Senate Shenanigans

My old supervisor and friend, Dan Howe, was made American Historian Laureate this year, by the New York Historical Society. I am grateful to have been associated with him and his excellent book, which is as much a guide to the present as a brilliant history of America. You should buy it, reader.

This history of New York took up a great deal of my life, and not in a burdensome way, when I was writing my doctorate. From the beginning, the Empire State has exceeded superlatives, and combined low methods with high hopes. The Empire city has in some ways insulated me to surprise. What has Al Franken, for instance, got on Senator 'Seven Mule' Barnum? Who would have won a bravura lying contest between Fernando Wood and Richard Nixon?

So the present controversy over Caroline Kennedy's attempt to take Hillary Clinton's vacant Senate seat is catnip to me. It really ought to chill the lovers of the Western world to know that an institution that makes the British House of Lords look even more sensible, meritocratic and representative than the Lords already are is about to provide the American President, Vice President, and Secretary of State. But I'm being warmed by the Louis-Napoleon carnival of silliness surrounding their replacements, and those of colleagues in the Senate.

The Constitution, as ever, is somewhat contradictory. Since 1913, Governors have been able to make 'recess appointments' should their states allow them to do so to fill out the remainder of a six-year term if a Senator moves on to better things or dies (and I mean the implied contradiction). New York, therefore, allows Governor Paterson to appoint a replacement to Hillary Clinton. He ought to replace her with Carolyn Maloney, whose real campaigning for women, and her constituents in general, as a Representative puts the batty blogger to shame. Governor Paterson is under heavy pressure, however, to allow a diminished band of Borgias who have been winnowed by excessive courage and corrupted by great wealth to keep a Senate seat in the family.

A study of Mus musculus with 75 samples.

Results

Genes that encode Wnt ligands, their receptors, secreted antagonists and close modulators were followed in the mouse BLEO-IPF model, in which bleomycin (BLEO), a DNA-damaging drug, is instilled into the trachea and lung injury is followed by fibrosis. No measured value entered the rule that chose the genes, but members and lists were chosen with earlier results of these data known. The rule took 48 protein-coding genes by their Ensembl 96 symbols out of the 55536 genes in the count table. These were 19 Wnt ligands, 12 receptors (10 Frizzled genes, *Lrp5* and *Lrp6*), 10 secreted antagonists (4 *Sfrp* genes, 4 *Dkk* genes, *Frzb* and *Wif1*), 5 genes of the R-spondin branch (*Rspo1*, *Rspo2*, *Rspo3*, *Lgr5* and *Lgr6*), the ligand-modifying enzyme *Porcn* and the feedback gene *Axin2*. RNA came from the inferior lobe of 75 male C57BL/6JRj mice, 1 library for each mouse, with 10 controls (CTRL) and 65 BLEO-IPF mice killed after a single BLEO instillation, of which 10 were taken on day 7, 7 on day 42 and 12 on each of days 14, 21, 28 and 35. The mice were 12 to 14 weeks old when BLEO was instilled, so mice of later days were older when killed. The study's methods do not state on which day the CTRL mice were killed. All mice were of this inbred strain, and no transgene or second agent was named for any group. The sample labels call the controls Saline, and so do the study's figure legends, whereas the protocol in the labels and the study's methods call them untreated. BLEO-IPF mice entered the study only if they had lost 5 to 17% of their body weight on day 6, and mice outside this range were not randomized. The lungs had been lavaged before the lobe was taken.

In Delaware, where the Vice-President elect, (Mad Jose/Marcus Aurelius Biden, late of this blog), kept a seat, dirty work is also ongoing at the crossroads. Delaware is, I think, the only American state with a court of chancery or at least a tradition thereof, and is very small. This means that it is a vast corporate centre where company taxes go to die. It requires a pliable but steady--sort of thermoplastic--hand on the tiller to look out for its interests. Mad Jose has therefore got his valet appointed to keep the seat warm for his son.

Chicago--well, let's not intrude on private grief. I have one observation, which is that, as time goes on, special humiliation seems to be being inflicted on former black panthers, as if to show them the substance of a world they made their peace with.

In Minnesota, an election is being contested. A comedian who used to write sketches for a Saturday evening programme and who played a fool in another programme has probably been elected by half a vote against a man whose supporters once called me a moonbat and implied that George Galloway was a thief. The lawyers are in, memorably claiming that 'lizard people' is a real person worthy of a vote in one submission.

The Senate and House, under the Constitution of the United States, are masters of their own membership, but (probably) could not order a new election in January if they so wish. They did so in 1974, in New Hampshire, because votes were disputed.

However, at the minute, the Senate are falling over themselves to embrace Joe Lieberman, delay a stimulus bill for the economy, argue about committee chairmanships, and serve out tenures which have seen arrests in toilets and the deaths of interns. Meanwhile, the budget deficit is climbing to a projected twelve trillion and the New Depression is approaching just as arcs of war catch flame across the world.

Who would want to be Barack Obama now?